School official charged with soliciting sex from a minor had been investigated by DPIThe New Holstein schools superintendent charged this week with soliciting sex online from a minor resigned as athletics coordinator from the Madison School District in 2005 after viewing pornography on his work computer.
By: By Matthew Defour, The Wisconsin State Journal, Superior Telegram
The New Holstein schools superintendent charged this week with soliciting sex online from a minor resigned as athletics coordinator from the Madison School District in 2005 after viewing pornography on his work computer.
The Department of Public Instruction investigated Christopher J. Nelson in 2005 after Madison officials brought the matter to its attention. But the agency did not find reason to revoke his teaching license, and records of the investigation were destroyed in 2008, DPI spokesman Patrick Gasper said Wednesday.
New Holstein School Board President Oscar Beilke, who learned about the 2005 investigation from a State Journal reporter Wednesday, said officials contacted the Madison district and weren't told that he had viewed porn on his work computer. Knowledge of the allegation "absolutely" would have affected the decision to hire Nelson in 2009, he said.
"All the information we had obtained through background investigation, we did not see any signs of something like this," Beilke said. "If we would have seen any red flags we would have questioned him. I guess I'm surprised that that didn't turn up."
Madison schools spokesman Ken Syke declined to comment before the district reviewed records on Nelson, which were being retrieved Wednesday.
Nelson, 58, remains in the Milwaukee County jail on $20,000 cash bond. A court hearing is scheduled for Monday. He was arrested Jan. 19 after posting a "men seeking men" ad on craigslist and chatting with a police officer posing as a 15-year-old boy online, according to a criminal complaint.
Nelson, whose salary and benefits in 2010 totaled $140,000, has requested a public defender, according to court records, but one has not been assigned.
DPI has now opened a new investigation into whether to revoke Nelson's license, Gasper said.
Online records and other evidence related to the 2005 investigation were expunged in 2008 in accordance with state law that requires their removal after three years if no discipline is taken, although DPI knows an inquiry took place, Gasper said.
Madison Schools questioned
Former Madison School Board member Ruth Robarts confirmed that the School Board was told some time after Nelson left the district on Feb. 28, 2005, that he had viewed pornography at work.
Nelson resigned, citing personal health reasons, according to State Journal archives. Syke said the district contacted DPI in early March 2005.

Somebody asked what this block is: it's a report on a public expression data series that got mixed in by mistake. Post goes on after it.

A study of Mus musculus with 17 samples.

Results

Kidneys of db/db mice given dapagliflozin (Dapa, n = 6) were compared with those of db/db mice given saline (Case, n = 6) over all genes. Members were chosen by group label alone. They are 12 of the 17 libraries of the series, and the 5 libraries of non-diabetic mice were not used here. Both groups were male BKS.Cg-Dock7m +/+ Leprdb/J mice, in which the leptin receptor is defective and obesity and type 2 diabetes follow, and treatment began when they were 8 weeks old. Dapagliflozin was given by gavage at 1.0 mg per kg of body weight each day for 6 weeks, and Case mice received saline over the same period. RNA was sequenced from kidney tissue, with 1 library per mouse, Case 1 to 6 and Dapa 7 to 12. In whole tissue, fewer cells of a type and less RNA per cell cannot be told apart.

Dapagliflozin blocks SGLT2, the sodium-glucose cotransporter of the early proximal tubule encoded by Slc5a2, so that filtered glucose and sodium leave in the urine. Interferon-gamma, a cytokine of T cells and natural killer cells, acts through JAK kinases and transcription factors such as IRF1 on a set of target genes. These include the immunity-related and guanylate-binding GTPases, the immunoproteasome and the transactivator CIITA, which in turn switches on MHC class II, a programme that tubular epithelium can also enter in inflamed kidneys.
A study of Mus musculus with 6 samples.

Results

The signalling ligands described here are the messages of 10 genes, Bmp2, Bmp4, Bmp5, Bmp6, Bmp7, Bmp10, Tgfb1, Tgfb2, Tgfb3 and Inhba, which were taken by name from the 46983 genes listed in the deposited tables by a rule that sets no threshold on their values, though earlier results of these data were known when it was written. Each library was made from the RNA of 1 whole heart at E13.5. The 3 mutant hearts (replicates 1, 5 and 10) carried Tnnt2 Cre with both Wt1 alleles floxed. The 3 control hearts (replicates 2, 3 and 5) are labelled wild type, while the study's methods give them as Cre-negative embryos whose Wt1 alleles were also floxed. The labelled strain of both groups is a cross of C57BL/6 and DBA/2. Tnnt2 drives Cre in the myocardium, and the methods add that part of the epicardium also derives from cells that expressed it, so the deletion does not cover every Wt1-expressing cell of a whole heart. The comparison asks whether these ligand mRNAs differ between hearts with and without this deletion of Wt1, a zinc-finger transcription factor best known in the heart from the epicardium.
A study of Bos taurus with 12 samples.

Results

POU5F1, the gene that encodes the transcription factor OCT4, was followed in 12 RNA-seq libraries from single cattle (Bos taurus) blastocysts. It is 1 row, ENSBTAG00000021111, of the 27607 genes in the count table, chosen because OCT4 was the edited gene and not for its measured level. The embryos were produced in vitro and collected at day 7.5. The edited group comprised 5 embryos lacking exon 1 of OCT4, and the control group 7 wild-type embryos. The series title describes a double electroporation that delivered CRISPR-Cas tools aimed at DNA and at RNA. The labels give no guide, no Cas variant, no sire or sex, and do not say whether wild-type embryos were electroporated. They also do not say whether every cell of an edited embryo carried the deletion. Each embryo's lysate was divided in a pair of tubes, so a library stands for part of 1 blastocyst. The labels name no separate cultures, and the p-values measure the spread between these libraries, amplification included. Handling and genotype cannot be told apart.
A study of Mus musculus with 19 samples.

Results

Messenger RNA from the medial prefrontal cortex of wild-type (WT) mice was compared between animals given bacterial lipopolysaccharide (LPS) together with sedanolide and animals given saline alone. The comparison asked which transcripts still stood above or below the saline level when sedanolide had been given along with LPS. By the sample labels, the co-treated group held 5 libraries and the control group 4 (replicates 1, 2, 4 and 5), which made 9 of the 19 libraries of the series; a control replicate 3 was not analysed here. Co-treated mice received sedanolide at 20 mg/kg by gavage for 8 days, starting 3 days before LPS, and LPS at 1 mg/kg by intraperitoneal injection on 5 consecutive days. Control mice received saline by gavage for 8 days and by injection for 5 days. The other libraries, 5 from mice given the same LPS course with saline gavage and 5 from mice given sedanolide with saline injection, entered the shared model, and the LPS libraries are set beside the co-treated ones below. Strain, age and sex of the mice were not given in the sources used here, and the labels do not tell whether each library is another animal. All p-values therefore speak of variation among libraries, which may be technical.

Robarts took issue with how former superintendent Art Rainwater provided information on Nelson's departure, which she said should have been disclosed sooner.
"The fact that it gets swept into 'health problems' makes it difficult for another employer," Robarts said. "Ideally, with things that serious ... they ought not to disappear and pop up in a different district."
Rainwater said the case "was handled appropriately."
The School Board typically gets involved when the district presents a case for termination, Rainwater said. He said if Nelson's conduct had involved child pornography, it would have been handled through the police department, which it wasn't. Gasper confirmed the 2005 investigation did not involve child pornography.
DPI reporting requirement
Districts are required to report to DPI teachers and administrators who commit certain crimes or if "the person resigns and the administrator has a reasonable suspicion that the resignation relates to the person having engaged in immoral conduct."
Immoral conduct is defined as "conduct or behavior that is contrary to the commonly accepted moral or ethical standards and that endangers the health, safety and welfare of any pupil."
Gasper said Nelson's conduct didn't meet that standard based on evidence provided by the district. The state can revoke a teaching license for incompetence or immoral conduct.
Nelson got his start in education in the Randolph School District, where he spent 16 years as a teacher and high school principal, Superintendent Greg Peyer said. He was athletic director in Beaver Dam from 1994 to 2000, when Madison hired him.
He became principal of Parkview High School in Rock County on July 1, 2005. District administrator Steve Lutzke said he didn't know if his predecessor, who hired Nelson, was aware of the DPI investigation.
Nelson left Parkview in 2007 to become superintendent of the Weyerhaeuser school district north of Eau Claire. Weyerhaeser later consolidated with the Chetek school district, which caused Nelson to leave for New Holstein, Superintendent Al Brown said.
Copyright (c) 2011, The Wisconsin State Journal/Distributed by McClatchy-Tribune Information Services.